Green Woodpecker
Picus viridis
Fairly common resident over much of England and Wales, especially the southern parts. Scarce and locally distributed in Scotland (which it colonised in the 1940's), and absent from Ireland.
Found in woods, farmland, parks and large gardens (where it is often seen feeding on ants in lawns), and heaths and coastal dunes.
Distinctive, large woodpecker and the only British species to show green tones. Most noted features are the red cap and often strikingly yellowish rump as the bird flies away. Has a loud, characteristic 'laughing' call.
31 - 33 cm (12”)
 

Green Woodpecker

Any one who has ever taught a bird watching class or led groups of beginners will be familiar with the rare birds seen by their group. And sooner or later one of them is bound to report ' a brilliant yellow bird with a bright red head'. And they are usually convinced it is some sort of tropical bird - it must be really rare. But it is a sighting of this bird, which often Green Woodpecker in flighttakes some time to be accepted as 'only' a green woodpecker, which can fire the enthusiasm of many beginners. The yellow is in fact a yellowish green, confined to the rump, which becomes very visible as the woodpecker flies away with its bouncing 'undulating' flight.

There is no question, the green woodpecker is one of the most colourful of all the birds native to Britain. And they make themselves very obvious by often feeding right out in the open in the middle of lawns, where they can be relatively inconspicuous while feeding, but when disturbed become very obvious as they fly away. Unlike the other two species (the Greater and Lesser Spotted Woodpeckers), they are frequently to be seen on the ground, and this is because they have a great love of ants, and will return day after day to a favourite anthill to feed.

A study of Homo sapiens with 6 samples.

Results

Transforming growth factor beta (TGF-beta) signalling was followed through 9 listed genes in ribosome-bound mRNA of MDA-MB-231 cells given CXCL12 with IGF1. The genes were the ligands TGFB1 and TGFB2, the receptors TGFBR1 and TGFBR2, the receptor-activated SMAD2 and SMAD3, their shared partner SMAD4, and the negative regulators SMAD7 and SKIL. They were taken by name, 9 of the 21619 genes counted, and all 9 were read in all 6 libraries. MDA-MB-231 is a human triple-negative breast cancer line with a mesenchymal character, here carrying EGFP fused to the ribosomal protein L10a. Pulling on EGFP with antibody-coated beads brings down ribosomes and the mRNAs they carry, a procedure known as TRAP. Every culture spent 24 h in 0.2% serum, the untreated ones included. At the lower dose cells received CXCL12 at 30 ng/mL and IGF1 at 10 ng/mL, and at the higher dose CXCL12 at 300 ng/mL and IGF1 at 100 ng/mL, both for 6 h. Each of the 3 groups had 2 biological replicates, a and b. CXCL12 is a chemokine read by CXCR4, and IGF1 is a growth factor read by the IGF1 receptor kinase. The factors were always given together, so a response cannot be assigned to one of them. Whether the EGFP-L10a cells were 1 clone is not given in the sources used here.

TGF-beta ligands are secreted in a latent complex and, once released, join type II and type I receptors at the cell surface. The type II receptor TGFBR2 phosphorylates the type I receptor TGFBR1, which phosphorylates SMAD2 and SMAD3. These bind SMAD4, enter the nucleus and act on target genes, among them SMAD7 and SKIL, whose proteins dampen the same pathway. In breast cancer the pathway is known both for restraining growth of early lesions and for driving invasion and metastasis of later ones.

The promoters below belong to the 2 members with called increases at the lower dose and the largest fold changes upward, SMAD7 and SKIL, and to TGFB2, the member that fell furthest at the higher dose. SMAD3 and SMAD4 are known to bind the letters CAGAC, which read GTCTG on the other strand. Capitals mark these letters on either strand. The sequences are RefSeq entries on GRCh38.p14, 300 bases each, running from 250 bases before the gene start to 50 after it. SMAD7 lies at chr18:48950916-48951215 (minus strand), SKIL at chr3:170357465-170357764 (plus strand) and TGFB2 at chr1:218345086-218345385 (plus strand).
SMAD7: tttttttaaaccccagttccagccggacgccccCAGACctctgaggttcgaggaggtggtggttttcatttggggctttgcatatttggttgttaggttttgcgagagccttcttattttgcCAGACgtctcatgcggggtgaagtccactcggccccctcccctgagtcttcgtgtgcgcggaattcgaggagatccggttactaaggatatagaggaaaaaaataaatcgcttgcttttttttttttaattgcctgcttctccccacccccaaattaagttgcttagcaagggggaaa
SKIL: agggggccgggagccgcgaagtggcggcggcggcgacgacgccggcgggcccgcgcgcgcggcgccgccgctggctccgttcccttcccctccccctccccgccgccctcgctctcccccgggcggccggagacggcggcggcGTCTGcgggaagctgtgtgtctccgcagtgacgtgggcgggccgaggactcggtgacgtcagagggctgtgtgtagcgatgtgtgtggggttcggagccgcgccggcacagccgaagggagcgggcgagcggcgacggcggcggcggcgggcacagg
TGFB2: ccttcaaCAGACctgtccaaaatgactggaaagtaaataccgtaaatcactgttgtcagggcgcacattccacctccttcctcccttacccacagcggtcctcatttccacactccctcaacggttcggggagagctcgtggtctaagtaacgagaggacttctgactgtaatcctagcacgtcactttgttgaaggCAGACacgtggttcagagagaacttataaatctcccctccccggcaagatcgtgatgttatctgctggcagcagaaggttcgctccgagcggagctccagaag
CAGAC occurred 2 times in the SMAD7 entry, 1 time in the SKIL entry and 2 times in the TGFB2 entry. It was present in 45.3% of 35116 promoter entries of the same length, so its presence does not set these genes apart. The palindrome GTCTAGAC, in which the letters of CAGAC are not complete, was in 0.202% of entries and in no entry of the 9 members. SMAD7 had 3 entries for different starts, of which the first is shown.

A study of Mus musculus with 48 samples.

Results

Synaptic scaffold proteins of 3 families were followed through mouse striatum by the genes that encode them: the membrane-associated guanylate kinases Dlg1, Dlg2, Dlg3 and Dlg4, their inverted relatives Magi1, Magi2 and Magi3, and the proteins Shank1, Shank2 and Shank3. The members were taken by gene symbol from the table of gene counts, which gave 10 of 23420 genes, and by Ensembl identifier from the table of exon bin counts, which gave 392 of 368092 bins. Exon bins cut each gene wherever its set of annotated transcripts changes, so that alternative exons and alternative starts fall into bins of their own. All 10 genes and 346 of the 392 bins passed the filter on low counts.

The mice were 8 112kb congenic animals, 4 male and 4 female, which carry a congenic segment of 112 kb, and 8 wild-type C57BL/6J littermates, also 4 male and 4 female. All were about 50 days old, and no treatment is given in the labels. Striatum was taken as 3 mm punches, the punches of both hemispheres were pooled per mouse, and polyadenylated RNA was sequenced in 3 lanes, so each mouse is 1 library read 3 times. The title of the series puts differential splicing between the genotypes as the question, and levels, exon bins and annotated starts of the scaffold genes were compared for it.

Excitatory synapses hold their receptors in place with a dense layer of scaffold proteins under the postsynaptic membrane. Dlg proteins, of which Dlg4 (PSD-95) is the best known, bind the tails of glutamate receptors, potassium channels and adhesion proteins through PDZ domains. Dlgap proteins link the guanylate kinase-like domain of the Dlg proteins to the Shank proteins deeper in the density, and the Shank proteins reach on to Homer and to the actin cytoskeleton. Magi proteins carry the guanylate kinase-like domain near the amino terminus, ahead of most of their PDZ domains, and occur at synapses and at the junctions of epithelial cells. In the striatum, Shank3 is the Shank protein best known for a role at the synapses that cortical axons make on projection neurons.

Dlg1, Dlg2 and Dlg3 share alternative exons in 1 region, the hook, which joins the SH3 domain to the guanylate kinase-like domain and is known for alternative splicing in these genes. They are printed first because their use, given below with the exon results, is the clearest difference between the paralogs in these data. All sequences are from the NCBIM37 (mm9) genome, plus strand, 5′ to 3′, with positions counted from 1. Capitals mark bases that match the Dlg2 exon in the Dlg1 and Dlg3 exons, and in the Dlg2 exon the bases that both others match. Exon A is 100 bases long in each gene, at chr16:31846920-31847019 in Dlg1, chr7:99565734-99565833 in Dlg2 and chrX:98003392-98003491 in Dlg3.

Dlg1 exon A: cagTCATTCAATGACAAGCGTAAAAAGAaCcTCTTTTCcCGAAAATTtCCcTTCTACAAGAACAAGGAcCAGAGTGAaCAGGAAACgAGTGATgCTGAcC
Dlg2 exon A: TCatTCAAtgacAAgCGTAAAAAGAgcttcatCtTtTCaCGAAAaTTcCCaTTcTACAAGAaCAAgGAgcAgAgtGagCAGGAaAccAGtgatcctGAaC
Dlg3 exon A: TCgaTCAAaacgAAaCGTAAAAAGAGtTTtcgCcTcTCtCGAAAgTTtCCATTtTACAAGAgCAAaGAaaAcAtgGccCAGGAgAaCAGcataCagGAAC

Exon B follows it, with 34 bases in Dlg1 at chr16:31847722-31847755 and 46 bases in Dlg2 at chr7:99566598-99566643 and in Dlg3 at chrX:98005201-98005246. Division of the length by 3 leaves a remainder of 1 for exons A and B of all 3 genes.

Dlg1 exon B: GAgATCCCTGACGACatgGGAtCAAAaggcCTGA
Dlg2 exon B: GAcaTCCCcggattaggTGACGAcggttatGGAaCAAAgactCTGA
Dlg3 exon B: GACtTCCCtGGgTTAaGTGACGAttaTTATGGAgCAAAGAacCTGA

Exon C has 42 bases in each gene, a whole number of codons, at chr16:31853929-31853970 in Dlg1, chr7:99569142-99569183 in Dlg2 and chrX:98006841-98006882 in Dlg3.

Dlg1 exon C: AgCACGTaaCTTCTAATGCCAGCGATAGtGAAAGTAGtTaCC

The largest of the three species of wood pecker found in Britain, Green Woodpeckers are also easily recognized by their laughing 'yaffle' call. Like many such obvious birds they have a wide range of old country names and while standardization of the names is obviously an advantage for birdwatchers, I can't help feeling that we have lost something when these old names are lost :

Like the other woodpeckers, Greens do drum, but their drumming is neither so resonant nor harsh as the other two species, nor as frequent - they rely on their laugh to demarcate their territory. In Europe the closely related, though duller, gray-headed woodpecker is also found - but this is a more difficult bird to find, and one that even keen birders often have trouble in seeing.

By John A Burton

© Pica Press and reproduced with kind permission.